Inside the Daily Planet, 10/3/08

by Dwight Hobbes, TC Daily Planet
On hearing Rosalie Sorrels had a new album out on nationally-lauded, St. Paul-based Red House Records, yours truly hurried up and got nosy. Turns out Rosalie Sorrels has got a thing and a half for her fellow folk legend, the late Utah Phillips.

Food and Restaurants

Local food’s toughest customers
by Brian DeVore, Land Stewardship Project
On an overcast fall day, I got a tour of the Meat Center of Appleton (population: 2,871) in the heart of western Minnesota’s wild goose and domestic corn country. If an extensive local food system is to take root throughout the Midwest and beyond, its reach can’t be limited to hip urban neighborhoods and earnest college campuses. It also has to catch on in places like Appleton—and it starts with people like Alyce Fust.

Mango Thai Cuisine
by Jeremy Iggers, The Rake
Strictly speaking, I am not sure the dishes I sampled the other day at Mango Thai Cuisine at Selby and Dale in St. Paul really qualify as authentic Thai cuisine. I don’t remember seeing any western-style broccoli the last time I was in Bangkok, and I am pretty sure I never saw a seafood salad served over baby field greens in an oversized martini glass, or raad na noodles topped with curled strands of carrot. Ditto the crab avocado rolls, and the mango spring rolls, and the pan-grilled tuna wasabi salad.

The Average Joe’s response to Betty Crocker: The homebrewing revival
by Leah Ritz, Minnesota 2020
With markets across the board looking unsteady these days, Minnesotans are returning to their agricultural roots in an effort to re-cultivate Minnesota’s heritage and revitalize local business. With today’s food prices on the rise and a little extra free time to spare on new hobbies, traditional homegrown pastimes have expanded to new frontiers. However, instead of home-canned tomatoes and other produce familiar from the heyday of Betty Crocker, this time it’s the Average Joe’s of Minnesota brewing and bottling their own beer with homegrown ingredients.

NEW IN BLOGS

ARTS ORBIT | Get your toady whipped on West 7th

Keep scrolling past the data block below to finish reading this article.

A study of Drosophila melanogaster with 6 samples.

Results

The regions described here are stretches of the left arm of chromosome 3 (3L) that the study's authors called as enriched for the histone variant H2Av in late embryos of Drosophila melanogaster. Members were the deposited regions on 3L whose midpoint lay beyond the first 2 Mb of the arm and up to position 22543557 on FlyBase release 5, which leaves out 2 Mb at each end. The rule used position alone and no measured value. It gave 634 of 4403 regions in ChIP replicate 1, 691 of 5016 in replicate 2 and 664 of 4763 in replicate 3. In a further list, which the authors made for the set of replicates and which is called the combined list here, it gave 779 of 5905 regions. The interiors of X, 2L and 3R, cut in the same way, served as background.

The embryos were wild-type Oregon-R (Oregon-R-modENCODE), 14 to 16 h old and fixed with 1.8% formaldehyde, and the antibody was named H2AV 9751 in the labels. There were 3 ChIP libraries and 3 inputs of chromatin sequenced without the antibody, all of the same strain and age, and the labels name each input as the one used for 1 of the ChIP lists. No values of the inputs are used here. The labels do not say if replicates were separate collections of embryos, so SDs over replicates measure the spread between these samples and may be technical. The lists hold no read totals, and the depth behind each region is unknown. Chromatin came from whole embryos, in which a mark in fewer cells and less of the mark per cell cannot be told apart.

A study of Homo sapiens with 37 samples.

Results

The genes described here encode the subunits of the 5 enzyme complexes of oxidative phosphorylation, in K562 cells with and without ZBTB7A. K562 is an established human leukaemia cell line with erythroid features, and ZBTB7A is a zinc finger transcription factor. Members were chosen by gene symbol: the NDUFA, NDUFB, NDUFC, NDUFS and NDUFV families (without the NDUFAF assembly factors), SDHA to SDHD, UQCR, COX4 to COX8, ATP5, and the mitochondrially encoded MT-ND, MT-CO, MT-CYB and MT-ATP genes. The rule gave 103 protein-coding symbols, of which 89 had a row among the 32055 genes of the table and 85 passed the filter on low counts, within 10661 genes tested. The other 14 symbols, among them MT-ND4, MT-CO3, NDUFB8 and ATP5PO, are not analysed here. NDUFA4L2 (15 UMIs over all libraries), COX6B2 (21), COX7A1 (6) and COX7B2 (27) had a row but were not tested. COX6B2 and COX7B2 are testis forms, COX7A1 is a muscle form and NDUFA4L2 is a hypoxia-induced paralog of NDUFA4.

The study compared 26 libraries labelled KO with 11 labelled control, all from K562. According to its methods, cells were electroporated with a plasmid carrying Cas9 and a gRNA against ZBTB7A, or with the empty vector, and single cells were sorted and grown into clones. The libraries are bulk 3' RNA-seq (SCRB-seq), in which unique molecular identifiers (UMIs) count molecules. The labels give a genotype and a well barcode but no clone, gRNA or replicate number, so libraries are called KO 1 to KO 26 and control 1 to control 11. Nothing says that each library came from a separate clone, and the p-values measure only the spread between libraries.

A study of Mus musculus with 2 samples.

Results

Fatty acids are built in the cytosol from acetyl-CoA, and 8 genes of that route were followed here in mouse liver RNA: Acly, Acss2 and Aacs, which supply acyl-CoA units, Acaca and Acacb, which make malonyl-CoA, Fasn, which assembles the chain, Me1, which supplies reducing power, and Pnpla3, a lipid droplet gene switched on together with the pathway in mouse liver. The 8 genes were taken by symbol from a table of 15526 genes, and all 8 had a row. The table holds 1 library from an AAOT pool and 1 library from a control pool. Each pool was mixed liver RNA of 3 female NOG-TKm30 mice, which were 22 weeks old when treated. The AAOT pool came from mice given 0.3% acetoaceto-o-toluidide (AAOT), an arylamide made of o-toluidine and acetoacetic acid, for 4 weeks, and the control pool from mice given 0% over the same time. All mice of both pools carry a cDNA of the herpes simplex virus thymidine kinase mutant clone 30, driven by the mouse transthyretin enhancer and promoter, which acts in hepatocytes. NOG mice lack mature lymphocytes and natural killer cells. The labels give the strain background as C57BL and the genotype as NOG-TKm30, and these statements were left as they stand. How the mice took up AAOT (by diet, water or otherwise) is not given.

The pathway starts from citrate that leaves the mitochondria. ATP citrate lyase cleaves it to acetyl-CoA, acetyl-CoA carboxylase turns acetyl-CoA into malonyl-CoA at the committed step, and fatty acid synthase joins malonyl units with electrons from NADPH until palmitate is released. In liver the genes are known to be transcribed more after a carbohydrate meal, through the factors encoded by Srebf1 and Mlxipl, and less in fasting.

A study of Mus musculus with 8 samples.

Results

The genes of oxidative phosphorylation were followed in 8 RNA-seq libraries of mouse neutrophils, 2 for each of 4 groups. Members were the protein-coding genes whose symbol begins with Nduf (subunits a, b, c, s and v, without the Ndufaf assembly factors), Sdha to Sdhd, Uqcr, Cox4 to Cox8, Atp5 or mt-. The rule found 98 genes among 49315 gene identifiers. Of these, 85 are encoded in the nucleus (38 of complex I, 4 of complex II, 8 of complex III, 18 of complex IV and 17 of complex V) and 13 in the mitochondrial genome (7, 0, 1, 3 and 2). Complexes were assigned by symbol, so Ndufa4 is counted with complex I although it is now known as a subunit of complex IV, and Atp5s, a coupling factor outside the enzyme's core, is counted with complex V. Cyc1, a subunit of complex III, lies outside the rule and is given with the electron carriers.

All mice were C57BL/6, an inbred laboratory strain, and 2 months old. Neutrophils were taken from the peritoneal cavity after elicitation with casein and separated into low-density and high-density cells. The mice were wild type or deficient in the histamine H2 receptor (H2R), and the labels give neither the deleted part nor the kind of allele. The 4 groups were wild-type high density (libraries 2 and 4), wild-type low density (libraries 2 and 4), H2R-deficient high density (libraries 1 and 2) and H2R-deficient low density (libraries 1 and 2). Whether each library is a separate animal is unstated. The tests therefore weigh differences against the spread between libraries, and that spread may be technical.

by Jay Gabler
This Friday night at St. Paul’s Mad Hatter Tea House, Rick Griffith will be kicking off the Halloween season with his annual “Magic Lute Show.” That’s right, folks. We’re talking authentic live lute music, readings from Renaissance-era sources on witchcraft and alchemy, and, Griffith promises, “a few choice bits of legerdemain and mental chicanery.”

GROUND ZERO | Fear Itself: Turning an hour of economic danger into an hour of political opportunity
by Rich Broderick
Today, the whole elaborate system of easy short-term credit that keeps our version of capitalism afloat is on the verge of a shutdown. And soon.

ARTS ORBIT | Vandalia Street gets good wood
by Jay Gabler
You know the Twin Cities have a great theater scene. You know that our bands are the coolest. You may even know that we have an exceptional number of exceptional dance companies. But did you know that the metro area is a national hub of woodcraft?

BLOG OF THE MODERATE LEFT | The times, they are a-changing
by Jeff Fecke
Richard Trumka of the AFL-CIO speaks bluntly about fighting racism, how it’s used to divide workers, and why it’s very wrong to vote against Barack Obama because of the color of his skin.

ARTS ORBIT | Weekend what’s what 10/2-10/4: Dance dance…revolution?
by l’etoile magazine staff
As the leaves begin their slow autumn turn and the noticeable chill sweeps in, the political climate heats up! While the bulk of this weekend holds an abundance of the fantastic art, music and parties that you’ve come to expect, Thursday is really the perfect chance to flex your revolutionary muscle. With a handful of thoughtful events that will definitely inspire and entertain, your thinking cap has never looked so stylish!

EYETEETH | D’oh: Homer tries to vote for Obama
by Paul Schmelzer
In its annual Halloween episode—this year falling just two days before the presidential election—The Simpsons will feature a segment where Homer heads into a “double-wide” voting booth in an attempt to cast his vote for Barack Obama.